Swimming pool and activity hall boost for school but at what cost

Woodhouse Primary School, Daisy Road, Rastrick.
Woodhouse Primary School, Daisy Road, Rastrick.

A Rastrick primary school has been given permission to develop a new activity hall and overhaul its swimming pool – but the decision could come at the cost of a charity’s out-of-school club.

The Board of Governors at Woodhouse Primary School, Daisy Road, Brighouse, applied for permission to build a new extension and relocate parking spaces but this will involve the demolition of a portable building on the site used for 25 years by not-for-profit charity Brighouse SOS.

Objections to the proposals include the charity owning the unit and members of Calderdale Council Planning Committee were told they had to make a decision on planning grounds with private issues between charity and school to be settled themselves outside of the planning process.

The loss of the school club, privacy and traffic issues were concerns expressed in 27 letters of objection while ten letters of support included the school’s need to expand and belief a solution was achievable regarding the Brighouse SOS situation.

An objector spoke on behalf of Brighouse SOS’s six trustees and staff, members and children, telling councillors it had been established in 1992 with the premises opened by the borough’s Mayor.

The building was financially maintained by the charity which employed five childcare workers and it met the needs of more than 100 children and their families on weekdays, with a waiting list of children equivalent to 25 per cent of the school’s population.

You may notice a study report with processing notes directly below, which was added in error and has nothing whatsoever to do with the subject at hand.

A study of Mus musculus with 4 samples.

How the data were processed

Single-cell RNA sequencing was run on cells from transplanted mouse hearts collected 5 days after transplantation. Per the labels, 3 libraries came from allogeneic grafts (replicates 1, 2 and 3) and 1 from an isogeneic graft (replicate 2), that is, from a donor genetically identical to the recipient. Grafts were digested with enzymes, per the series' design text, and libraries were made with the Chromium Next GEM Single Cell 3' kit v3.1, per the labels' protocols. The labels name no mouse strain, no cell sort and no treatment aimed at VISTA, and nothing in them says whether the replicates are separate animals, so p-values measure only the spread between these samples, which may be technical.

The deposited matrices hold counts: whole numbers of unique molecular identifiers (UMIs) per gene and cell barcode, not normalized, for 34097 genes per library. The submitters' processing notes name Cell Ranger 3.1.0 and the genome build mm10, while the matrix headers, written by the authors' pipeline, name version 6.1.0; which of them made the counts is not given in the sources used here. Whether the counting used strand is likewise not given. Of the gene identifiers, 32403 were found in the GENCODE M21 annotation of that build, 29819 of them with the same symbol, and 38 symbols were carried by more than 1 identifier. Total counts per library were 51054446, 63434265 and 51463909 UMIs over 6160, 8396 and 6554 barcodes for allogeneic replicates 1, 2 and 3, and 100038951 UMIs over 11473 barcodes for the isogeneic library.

Negotiations had begun with the school but stalled awaiting responses to some questions posed from Calderdale officers.

She asked the committee delay a decision on the application until a resolution could be found.

“We want to continue providing a service within the boundaries of the school,” she said.

Chairman of Governors at Woodhouse School, John Eyles, said the extension would provide an sizeable activity studio which could be used for physical education, performances and ultimately the community.

When it opened in 1968 a single form entry each year was enough capacity but as number of homes increased a two-form entry had been established though the original hall was still the same size.

Woodhouse was one of the schools to have its own pool and pupils left the school able to swim to a high standard, the new plans allowing for its refurbishment.

There was no option but to remove the Brighouse SOS cabin as part of the works but realised the worth of the charity’s facility and what it provided.

Discussions had taken place and here would be ample time to continue these and find a solution. Relocating the charity within the school building close to where the cabin was would possibly form the basis of a lettings policy and Calderdale Council’s legal section had been asked to draw this up.

Coun Steve Sweeney (Lab, Todmorden), chairing the meeting, reminded councillors they could only consider planning matters, whether in itself the application met the council’s guidelines.

Planning lead Richard Seaman had told councillors it was possible for anyone to apply for permission to develop land they did not own – non-planning matters like ownership had to be resolved between the parties concerned.

Coun David Kirton (Con, Hipperholme and Lightcliffe), supporting Coun Faisal Shoukat’s (Lab, Town) proposal that the plans should be approved, said: “It’s an excellent school and these facilities can only improve the opportunities for children at the school,” he said. Councillors agreed.